Students get hands-on knowledge of future careers.
Local students wondering “what do I want to be when I grow up?” got a chance to try out their careers first-hand on Friday.
Participants in the 11th annual Groundhog Job Shadow Day spent the morning learning about careers that went from the mundane to the macabre.
One student who wants to be a mortician learned about special effects makeup. Several others followed school administrators around, learning that running a school isn’t nearly as easy as it looks. One of those was a student named Laura, who shadowed Saugus principal Bill Bolde.
“I realized I didn’t know it all,” she said, to much laughter. “I learned a lot about problem solving and thinking outside the box.”
Asked what she planned to study in college, she answered “psychology” – a skill used every day by school administrators.
Kathy Norris, executive director of the Valley Industrial Association, had her shadow there early for a meeting.
“My student, Monica, from Bowman, was there at 7:30 and she helped us do some planning,” Norris told a luncheon crowd gathered at the city’s activity center. “It was an interesting experience and I think I learned just as much from her as she did from being my shadow. She asked me what I liked most and least about the job, so I told her I liked the accounting but hated the public speaking. That’s why I got up to talk, I had to hold the mike and speak – I’m doing this for her.”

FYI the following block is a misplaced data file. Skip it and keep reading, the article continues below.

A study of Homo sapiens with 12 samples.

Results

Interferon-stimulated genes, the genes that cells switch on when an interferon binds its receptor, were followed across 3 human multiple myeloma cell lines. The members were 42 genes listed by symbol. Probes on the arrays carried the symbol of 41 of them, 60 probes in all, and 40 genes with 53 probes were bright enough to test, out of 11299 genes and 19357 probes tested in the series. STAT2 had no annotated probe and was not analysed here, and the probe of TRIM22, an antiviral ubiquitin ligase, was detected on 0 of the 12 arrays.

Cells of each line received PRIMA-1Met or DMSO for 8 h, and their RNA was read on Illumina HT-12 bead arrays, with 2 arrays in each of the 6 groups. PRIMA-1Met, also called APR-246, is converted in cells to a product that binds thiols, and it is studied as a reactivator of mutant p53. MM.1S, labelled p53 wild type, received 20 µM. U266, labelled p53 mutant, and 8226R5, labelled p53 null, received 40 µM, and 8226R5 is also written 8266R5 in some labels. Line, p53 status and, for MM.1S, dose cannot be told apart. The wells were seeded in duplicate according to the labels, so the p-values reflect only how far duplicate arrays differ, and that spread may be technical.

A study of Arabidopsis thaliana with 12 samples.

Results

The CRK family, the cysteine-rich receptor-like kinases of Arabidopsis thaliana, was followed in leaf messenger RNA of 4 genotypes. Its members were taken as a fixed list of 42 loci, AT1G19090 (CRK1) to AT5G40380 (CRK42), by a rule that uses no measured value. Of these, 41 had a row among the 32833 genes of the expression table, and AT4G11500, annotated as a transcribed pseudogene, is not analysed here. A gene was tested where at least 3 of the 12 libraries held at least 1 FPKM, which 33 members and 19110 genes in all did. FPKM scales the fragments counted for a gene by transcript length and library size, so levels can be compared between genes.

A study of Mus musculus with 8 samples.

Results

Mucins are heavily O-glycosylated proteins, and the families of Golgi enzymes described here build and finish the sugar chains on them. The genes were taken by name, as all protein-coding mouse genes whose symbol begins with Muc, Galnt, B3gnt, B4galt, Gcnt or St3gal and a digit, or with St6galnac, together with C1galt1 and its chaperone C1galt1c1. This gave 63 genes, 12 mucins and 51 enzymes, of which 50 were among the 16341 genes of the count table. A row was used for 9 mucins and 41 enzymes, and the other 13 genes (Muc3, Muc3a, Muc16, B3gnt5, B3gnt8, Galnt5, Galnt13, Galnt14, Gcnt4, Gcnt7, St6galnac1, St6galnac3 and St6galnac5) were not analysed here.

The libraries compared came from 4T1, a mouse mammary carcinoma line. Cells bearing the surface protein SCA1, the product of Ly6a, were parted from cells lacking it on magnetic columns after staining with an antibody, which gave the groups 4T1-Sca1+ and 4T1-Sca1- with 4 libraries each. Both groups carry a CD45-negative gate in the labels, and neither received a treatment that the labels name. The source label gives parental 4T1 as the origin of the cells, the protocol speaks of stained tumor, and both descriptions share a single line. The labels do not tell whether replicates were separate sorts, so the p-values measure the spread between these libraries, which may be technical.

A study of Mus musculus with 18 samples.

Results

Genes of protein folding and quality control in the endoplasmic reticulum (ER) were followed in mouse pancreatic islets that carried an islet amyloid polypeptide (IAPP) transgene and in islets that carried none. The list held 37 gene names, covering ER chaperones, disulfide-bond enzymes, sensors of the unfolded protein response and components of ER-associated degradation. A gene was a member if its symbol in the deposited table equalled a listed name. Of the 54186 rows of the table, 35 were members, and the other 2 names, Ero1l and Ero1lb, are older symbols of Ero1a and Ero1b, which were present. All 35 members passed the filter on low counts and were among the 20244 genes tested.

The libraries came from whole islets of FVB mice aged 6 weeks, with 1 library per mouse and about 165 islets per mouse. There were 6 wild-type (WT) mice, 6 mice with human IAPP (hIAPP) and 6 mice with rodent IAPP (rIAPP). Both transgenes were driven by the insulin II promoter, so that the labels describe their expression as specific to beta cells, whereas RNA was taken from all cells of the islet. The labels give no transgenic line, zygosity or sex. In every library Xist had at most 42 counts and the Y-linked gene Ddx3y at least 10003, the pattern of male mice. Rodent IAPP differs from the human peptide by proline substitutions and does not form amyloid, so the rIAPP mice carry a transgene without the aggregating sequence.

Five students – Raymond McArthur, Sammi Lanthier, Tyler Kulesz, Breeahrah Babers and Pedro Mara – visited KHTS, sitting in studio with morning host John Summers (and going on the air to help with announcements), learning about sales from Sharon Bronson, worked the engineering board with Jason Endicott and talked about news gathering and website management with myself and Jon Dell.
Carol Maglione, interim executive director of the SCV School to Business Alliance, told the crowd that the first year the event was held, there were 10 students and one business owner involved. This year’s event drew more than 300 participants, including 72 businesses, from mom and pop stores to large corporations.
“Your parents all want you to be self-reliant and productively employed,” said Valencia High principal Paul Priesz. “They want to see you in a career and moving in a positive direction. The reality today is that there are more college graduates than there are jobs, but those who have career goals are the ones who get the jobs. We’re here to help you with that today.”